Louis Scuderi, Gary Weissmann
University of New Mexico, Albuquerque, New Mexico, USA

There is a great need within aeolian science for data management systems capable of coping with highly complex multimodal queries, intelligent retrievals and knowledge discovery. This includes tools for recognition of features and phenomena in data embedded in complex environments (e.g., large multidimensional data sets, fuzzy/poorly defined boundaries) and dealing with the logical complexity inherent in physical phenomena (e.g., difficulty of detecting and tracking patterns evolving in a multidimensional space). Analyzing these complex environments, coupled with extraordinarily large field, sensor and satellite data sets, imposes staggering computational demands.

Aeolian systems are highly intertwined with other local, regional and global scale systems, and have significant impact on humans. Their study contributes to atmospheric, biologic, hydrologic, geomorphic and sedimentary science. The coupling of aeolian processes and features at multiple spatial and temporal scales, and with other disciplines, further highlights the need for these interrelated processes to be studied from an integrated perspective that transcends traditional disciplinary boundaries. However, there is a pronounced lack of integration of data into a scientifically credible, globally assembled, information platform to guide decision-making within aeolian science. It is not that relevant data does not exist. Rather, this data has not been (1) assembled from the many diverse sources available into a single data repository (2) used in an informed, consistent, and scientifically robust way, and (3) made easily accessible and available in the public domain.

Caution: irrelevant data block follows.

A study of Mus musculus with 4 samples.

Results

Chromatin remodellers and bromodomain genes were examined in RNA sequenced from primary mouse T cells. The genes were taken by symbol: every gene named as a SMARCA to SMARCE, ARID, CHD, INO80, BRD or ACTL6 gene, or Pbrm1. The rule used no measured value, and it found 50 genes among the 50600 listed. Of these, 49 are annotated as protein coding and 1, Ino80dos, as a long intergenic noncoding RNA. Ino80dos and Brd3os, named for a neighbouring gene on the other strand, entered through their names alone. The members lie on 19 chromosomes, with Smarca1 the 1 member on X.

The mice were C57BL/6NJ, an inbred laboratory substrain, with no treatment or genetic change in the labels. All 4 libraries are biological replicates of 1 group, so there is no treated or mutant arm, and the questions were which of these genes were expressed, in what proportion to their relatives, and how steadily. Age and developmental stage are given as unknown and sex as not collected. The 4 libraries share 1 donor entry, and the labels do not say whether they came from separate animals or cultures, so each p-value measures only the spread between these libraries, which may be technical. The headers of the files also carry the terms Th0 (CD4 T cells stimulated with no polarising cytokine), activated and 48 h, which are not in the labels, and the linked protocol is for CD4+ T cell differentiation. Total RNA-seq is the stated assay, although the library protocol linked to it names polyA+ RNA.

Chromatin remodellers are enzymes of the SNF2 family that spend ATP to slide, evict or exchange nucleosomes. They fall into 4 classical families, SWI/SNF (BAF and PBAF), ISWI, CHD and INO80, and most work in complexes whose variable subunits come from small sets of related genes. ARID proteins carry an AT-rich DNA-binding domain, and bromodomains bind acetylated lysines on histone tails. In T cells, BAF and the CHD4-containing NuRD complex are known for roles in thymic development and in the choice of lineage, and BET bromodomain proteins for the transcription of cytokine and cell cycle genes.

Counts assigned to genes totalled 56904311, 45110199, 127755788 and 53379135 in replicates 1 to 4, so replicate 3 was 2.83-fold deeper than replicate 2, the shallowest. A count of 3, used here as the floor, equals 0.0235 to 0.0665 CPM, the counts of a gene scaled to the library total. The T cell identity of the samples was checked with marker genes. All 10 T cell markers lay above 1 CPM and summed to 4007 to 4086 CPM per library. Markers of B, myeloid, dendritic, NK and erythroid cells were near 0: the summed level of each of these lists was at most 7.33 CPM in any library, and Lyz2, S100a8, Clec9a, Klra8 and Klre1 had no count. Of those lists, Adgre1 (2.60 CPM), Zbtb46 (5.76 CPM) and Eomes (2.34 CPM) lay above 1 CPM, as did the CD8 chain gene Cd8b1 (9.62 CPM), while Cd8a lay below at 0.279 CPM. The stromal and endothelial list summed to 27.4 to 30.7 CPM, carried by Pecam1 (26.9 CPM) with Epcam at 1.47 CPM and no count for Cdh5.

Moving the field into a data rich future requires a coordinated and well-organized approach. However, creating this integrated framework remains difficult for a number of reasons. Least of all is the daunting size of a task that extends over continents and planets with time scales from milliseconds to millennia.

In this presentation we outline an organizational approach for making a global aeolian database a reality in the near future. We include examples from our approach showing how database technology can be used to (1) conduct innovative research over a range of spatial and temporal scales, (2) share data sets and innovative analytic tools, (3) collaborate, and (4) ask questions once considered computationally impossible. Considerable challenges stand in the way of building such a database, however the returns are very high in terms of expanding the range of research questions that can be tackled and in improving understanding and prediction within aeolian science.